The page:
Spirituality and Scientific Thought

Poets, philosophers and the scientific revolution

Tintern is now a thriving village community with a population of about 1,500. Industry has largely gone and there are few shops, though there are some craft workshops and IT businesses as well as tourist shops and cafes. Nevertheless in view of its central position in an Area of Outstanding Beauty astride the Wye Valley Trail, and its great cultural and spiritual heritage, it is a magnet for visitors and has a reputation for warm hospitality generated by its variety of pubs, hotels and bed & breakfast accommodation. Above all it has a spiritual atmosphere which was captured in the following lines by one of its most famous visitors, William Wordsworth, in his poem Lines Written a Few Miles Above Tintern Abbey which sharply contrasts the image of Tintern written at about the same time in the Davies poem (see A birthplace of modern industry).    

And I have felt
A presence that disturbs me with the joy
Of elevated thoughts; a sense sublime
Of something far more deeply interfused,
Whose dwelling is the light of setting suns,
And the round ocean and the living air,
And the blue sky, and in the mind of man;
A motion and a spirit, that impels
All thinking things, all objects of all thought,
And rolls through all things.

The full title of this poem is Lines Composed a Few Miles above Tintern Abbey, on Revisiting the Banks of the Wye during a Tour. July 13, 1798.

Much has been written about Tintern and the Wye Valley since Wordsworth penned these lines. Most recently some intriguing speculations about Tintern’s ‘hidden history’ have been published by the independent researcher Joy Hancox in her book The Hidden Chapter: An Investigation into the Custody of Lost Knowledge. She traces some fascinating connections between Tintern on the one side and on the other the new learning associated with the decline of magic and the beginnings of the scientific revolution, and she brings to light new evidence of Roman occupation, on the involvement British and French aristocracy, and of the influence of freemasonry in the area..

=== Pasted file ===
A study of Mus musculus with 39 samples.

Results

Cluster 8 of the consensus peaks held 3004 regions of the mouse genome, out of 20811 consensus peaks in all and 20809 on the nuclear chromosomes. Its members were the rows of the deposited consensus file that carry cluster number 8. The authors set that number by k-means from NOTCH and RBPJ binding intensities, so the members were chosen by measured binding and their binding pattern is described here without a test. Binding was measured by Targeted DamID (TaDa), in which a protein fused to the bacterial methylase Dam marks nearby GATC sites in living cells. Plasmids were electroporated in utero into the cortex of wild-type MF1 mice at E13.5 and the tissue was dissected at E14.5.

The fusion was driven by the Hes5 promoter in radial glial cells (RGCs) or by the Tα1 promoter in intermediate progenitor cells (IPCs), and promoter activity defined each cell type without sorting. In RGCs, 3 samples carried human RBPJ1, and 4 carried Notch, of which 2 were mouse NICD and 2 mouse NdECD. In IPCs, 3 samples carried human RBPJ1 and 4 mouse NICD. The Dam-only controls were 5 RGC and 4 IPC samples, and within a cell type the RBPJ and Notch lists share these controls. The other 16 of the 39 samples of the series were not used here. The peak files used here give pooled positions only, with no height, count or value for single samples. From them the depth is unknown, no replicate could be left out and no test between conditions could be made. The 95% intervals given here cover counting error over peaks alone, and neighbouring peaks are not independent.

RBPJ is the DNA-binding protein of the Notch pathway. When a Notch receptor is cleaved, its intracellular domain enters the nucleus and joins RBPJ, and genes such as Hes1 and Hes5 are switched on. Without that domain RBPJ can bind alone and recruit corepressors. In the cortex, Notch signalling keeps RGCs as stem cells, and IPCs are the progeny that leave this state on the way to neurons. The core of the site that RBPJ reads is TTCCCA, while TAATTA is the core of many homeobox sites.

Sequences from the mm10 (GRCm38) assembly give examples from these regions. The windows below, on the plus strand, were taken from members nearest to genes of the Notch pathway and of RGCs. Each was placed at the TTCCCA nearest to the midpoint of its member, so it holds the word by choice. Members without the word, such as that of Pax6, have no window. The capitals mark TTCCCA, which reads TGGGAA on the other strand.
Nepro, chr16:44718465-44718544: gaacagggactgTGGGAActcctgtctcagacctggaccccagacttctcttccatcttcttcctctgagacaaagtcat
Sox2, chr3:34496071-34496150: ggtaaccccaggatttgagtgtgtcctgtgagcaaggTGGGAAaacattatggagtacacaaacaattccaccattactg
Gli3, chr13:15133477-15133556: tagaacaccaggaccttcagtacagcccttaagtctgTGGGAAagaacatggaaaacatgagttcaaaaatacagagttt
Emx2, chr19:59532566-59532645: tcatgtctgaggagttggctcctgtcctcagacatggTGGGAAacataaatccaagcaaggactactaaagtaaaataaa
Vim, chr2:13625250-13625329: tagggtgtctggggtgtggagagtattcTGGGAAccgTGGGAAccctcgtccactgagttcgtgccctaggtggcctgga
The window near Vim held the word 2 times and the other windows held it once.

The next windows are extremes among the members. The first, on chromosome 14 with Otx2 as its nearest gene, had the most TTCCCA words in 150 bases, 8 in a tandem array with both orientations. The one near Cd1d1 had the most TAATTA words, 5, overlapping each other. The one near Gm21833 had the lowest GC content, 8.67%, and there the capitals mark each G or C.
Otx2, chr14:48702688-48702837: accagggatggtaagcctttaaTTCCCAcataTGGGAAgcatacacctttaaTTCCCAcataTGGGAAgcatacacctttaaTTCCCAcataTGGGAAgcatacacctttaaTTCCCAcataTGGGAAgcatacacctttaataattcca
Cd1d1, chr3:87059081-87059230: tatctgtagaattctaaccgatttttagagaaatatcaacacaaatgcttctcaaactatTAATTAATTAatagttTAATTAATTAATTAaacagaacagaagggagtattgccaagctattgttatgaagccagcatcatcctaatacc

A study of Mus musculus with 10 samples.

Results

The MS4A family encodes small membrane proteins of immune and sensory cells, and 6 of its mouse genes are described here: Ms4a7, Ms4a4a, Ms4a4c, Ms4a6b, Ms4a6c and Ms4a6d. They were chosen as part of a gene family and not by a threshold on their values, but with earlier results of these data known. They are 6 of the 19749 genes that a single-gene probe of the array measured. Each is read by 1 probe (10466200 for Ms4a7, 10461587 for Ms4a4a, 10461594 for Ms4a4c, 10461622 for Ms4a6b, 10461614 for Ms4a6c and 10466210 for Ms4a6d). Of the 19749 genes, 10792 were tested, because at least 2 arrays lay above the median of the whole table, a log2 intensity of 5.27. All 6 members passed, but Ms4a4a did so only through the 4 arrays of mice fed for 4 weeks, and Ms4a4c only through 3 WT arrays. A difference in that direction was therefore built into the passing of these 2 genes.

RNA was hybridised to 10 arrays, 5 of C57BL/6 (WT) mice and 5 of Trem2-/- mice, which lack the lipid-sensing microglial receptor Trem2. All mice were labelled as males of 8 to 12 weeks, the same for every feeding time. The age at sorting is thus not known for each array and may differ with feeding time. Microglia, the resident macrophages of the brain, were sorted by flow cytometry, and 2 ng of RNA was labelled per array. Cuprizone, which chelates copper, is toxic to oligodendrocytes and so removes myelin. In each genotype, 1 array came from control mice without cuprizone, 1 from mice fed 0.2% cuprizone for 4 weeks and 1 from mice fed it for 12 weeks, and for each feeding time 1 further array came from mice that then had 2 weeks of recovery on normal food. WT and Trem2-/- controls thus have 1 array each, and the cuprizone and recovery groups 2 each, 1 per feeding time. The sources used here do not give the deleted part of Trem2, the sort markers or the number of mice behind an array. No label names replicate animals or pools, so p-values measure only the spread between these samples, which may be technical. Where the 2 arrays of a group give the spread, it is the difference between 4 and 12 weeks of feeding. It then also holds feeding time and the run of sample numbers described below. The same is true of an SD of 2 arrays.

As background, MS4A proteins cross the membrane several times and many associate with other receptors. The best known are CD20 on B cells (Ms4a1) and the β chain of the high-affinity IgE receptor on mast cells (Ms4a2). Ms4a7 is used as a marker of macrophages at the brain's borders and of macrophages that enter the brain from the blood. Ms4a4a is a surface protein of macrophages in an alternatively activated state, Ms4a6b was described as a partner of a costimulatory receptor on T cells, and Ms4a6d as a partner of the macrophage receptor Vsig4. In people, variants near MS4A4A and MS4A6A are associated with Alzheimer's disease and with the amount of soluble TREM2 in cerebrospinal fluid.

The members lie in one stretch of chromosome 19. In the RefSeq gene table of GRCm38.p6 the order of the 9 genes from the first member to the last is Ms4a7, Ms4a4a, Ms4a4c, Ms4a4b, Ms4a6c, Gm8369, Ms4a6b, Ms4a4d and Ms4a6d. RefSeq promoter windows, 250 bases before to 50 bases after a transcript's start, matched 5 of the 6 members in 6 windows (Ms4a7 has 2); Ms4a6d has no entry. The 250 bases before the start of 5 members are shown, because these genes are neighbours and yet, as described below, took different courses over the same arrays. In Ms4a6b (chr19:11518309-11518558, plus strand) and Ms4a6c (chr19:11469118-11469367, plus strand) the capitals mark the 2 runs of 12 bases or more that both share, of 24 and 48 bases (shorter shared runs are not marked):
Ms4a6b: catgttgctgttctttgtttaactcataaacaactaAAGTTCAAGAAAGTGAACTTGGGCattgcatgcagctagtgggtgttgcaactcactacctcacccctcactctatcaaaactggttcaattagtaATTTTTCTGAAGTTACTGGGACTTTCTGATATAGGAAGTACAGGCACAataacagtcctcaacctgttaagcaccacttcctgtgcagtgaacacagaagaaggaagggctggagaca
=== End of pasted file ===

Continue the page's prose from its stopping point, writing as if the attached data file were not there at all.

She also tells the story of The Nurtons, a fascinating house, now a B&B with a wonderful landscape garden, largely rebuilt in the nineteenth century, but with interesting remains of a much older building, was once a college founded in the reign of Queen Elizabeth the First by Sir William Herbert of St Julian’s, Earl of Pembroke. It is closely associated with the Renaissance philosopher John Dee and the philosopher Sir Francis Bacon, and she makes an interesting case that the latter may be buried in the ancient church of St Michael’s in Tintern where he is known to have had property including shares in the Tintern brassworks.